As a teacher many years ago, I had a nonempirical, subjective and personal theory about children. I saw their potential as an exaggerated bell curve. In the great middle were those whose circumstances left them wide open for success or failure. At each end was a small percentage. On one end, I believed, were those who, whatever horrors they endured, would manage to succeed. On the other were those who, no matter what was given to them or done for them, would still be lost.
It's a lame proposition but I remembered it as I read The Splendid Things We Planned by Blake Bailey. It's a memoir of his privileged, affluent family: himself, mother Marlies, father Burck and older brother Scott. The narrative is framed around Scott's descent, beginning as a young teenager, into drug and alcohol addiction, the attendant sordid life and his parents' heroic, decades-long and ultimately futile struggle to save him. The effort causes them and Blake years of misery as a family even after Scott's suicide, during the last of numerous incarcerations, in his early 40s.
The book is beautifully written and painful to read as story after sad story piles up. The weight of them is remorseless. Bailey spares no one and is especially eloquent in recounting his weariness at dealing with Scott and a subtle, escalating cruelty toward his brother even as his own life begins a parallel downward spiral. Though he is more clear-eyed than his parents about Scott's self-destructiveness and delusions, he can never irrevocably let go. After one of many unpleasant encounters between the brothers that begins with Scott's verbal abuse and ends with his sobbing, Blake writes, "I couldn't bear it. Even now I can't bear it."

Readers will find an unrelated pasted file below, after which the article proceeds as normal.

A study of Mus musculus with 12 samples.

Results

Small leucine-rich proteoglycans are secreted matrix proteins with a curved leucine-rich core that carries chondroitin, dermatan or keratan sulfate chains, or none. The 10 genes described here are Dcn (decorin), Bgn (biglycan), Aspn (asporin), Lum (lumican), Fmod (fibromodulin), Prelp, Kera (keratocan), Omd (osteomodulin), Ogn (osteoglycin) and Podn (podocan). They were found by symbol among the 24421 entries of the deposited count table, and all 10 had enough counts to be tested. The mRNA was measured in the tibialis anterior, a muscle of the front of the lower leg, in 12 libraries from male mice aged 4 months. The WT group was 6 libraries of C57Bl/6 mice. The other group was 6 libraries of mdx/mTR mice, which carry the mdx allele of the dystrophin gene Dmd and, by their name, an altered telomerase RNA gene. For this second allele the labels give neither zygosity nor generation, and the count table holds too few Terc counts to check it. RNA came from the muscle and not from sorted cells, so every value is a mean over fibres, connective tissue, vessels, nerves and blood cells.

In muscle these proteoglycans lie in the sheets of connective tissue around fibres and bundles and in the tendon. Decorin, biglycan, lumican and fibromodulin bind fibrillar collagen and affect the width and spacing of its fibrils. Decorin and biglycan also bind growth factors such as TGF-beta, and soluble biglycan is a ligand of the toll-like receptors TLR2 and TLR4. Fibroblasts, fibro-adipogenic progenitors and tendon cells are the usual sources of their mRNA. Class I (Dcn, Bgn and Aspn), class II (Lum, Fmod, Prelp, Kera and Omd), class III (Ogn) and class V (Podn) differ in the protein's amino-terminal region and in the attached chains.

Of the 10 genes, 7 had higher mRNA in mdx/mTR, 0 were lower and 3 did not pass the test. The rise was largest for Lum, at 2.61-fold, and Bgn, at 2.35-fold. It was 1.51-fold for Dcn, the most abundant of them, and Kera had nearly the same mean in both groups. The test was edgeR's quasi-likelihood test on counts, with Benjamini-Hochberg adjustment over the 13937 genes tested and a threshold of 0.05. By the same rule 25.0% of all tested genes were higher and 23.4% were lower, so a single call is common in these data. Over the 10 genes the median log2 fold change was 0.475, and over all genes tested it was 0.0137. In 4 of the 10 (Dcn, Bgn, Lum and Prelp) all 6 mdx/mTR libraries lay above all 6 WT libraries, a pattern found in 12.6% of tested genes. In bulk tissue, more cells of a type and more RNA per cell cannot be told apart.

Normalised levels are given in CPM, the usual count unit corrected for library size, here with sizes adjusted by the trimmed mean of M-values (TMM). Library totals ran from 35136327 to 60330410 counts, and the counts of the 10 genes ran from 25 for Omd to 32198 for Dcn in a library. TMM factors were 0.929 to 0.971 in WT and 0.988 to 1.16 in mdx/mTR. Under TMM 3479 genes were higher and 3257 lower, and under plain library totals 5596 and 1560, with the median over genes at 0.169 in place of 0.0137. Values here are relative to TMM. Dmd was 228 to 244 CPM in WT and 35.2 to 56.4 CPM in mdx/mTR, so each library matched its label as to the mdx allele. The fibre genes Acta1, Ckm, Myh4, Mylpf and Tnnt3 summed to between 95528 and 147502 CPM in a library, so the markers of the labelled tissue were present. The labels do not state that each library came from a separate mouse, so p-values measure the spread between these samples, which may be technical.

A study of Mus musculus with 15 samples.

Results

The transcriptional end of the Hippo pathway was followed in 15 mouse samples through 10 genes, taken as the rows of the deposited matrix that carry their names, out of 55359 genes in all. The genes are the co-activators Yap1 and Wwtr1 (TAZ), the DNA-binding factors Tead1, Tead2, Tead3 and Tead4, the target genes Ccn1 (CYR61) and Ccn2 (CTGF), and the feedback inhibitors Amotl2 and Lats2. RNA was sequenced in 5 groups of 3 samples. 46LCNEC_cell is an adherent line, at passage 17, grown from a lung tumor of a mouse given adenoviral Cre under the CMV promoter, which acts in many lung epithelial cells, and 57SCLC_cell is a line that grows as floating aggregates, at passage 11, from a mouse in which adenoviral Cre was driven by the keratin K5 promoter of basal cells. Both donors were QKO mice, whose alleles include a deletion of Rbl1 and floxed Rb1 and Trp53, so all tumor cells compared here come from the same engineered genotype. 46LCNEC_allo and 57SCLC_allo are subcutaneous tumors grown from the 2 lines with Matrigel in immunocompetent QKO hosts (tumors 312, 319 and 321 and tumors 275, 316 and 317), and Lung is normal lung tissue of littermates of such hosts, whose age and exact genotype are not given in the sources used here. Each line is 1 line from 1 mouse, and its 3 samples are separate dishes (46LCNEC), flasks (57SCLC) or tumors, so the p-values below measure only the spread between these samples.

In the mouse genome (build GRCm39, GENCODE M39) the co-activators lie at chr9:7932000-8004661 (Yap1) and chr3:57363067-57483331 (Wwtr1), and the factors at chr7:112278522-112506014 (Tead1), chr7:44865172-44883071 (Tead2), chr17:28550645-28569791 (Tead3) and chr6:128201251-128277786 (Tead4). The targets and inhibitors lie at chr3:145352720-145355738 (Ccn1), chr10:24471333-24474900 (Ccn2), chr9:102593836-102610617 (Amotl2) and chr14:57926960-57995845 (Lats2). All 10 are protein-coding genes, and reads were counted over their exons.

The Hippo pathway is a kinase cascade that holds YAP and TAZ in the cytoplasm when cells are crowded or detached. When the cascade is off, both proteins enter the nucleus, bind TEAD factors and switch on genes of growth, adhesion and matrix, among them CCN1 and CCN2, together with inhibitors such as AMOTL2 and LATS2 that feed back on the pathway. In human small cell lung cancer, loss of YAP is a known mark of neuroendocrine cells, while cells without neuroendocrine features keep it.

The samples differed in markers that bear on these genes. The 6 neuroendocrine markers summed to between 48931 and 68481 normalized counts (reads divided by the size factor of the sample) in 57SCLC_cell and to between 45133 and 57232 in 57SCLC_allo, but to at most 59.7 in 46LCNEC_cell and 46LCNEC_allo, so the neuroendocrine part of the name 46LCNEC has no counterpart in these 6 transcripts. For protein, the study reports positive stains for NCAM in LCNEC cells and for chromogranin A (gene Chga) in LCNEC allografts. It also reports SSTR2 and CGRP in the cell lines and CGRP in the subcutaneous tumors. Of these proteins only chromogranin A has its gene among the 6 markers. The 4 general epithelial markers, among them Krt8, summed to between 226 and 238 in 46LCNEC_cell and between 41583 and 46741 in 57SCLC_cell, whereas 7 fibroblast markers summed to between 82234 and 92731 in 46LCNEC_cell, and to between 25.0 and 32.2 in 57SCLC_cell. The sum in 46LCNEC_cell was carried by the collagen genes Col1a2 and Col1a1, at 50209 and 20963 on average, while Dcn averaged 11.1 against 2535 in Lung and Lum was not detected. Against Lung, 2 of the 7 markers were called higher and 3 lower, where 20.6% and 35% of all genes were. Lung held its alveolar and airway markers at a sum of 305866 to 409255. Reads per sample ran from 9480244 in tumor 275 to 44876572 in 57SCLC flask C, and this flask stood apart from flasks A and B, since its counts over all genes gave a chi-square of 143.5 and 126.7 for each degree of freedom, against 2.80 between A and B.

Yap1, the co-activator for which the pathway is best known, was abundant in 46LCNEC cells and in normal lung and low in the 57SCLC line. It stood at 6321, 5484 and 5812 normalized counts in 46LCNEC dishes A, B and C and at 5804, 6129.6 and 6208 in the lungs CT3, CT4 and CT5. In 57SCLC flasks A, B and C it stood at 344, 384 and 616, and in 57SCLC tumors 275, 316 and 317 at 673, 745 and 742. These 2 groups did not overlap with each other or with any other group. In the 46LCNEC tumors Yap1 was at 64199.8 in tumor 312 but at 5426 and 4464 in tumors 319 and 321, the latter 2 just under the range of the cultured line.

Splendid Things isn't a whining confessional by a one-note writer. Bailey, 40, is an esteemed, award-winning literary biographer, having penned books about Richard Yates, Charles Jackson and John Cheever. He is working on the authorized biography of Philip Roth. It may or may not be relevant that his first three subjects had substance abuse issues and messy lives that he, as a writer, bound into a kind of order. But that career happened after Scott's death. During his recounting of his early morass, we get only a glimpse of a possible second act for Blake's life near the end of Scott's, when he meets and marries a woman who makes him want to be a better person. Things had gotten so bad with Scott that Blake never introduces them to each other.
Bailey writes that he began the book before his brother's death and it took him 11 years to complete it. It's interesting to read it in the context of his life, to see him as a failure. It was a story he had to tell, and he honored it with all his gifts. I pondered, though, whether, having written it, he considered just tucking it into a drawer. But a writer writes to be read and, at a deeper level, to be known and understood, especially by himself.
Lennie Bennett can be reached at firstname.lastname@example.org or (727) 893-8293.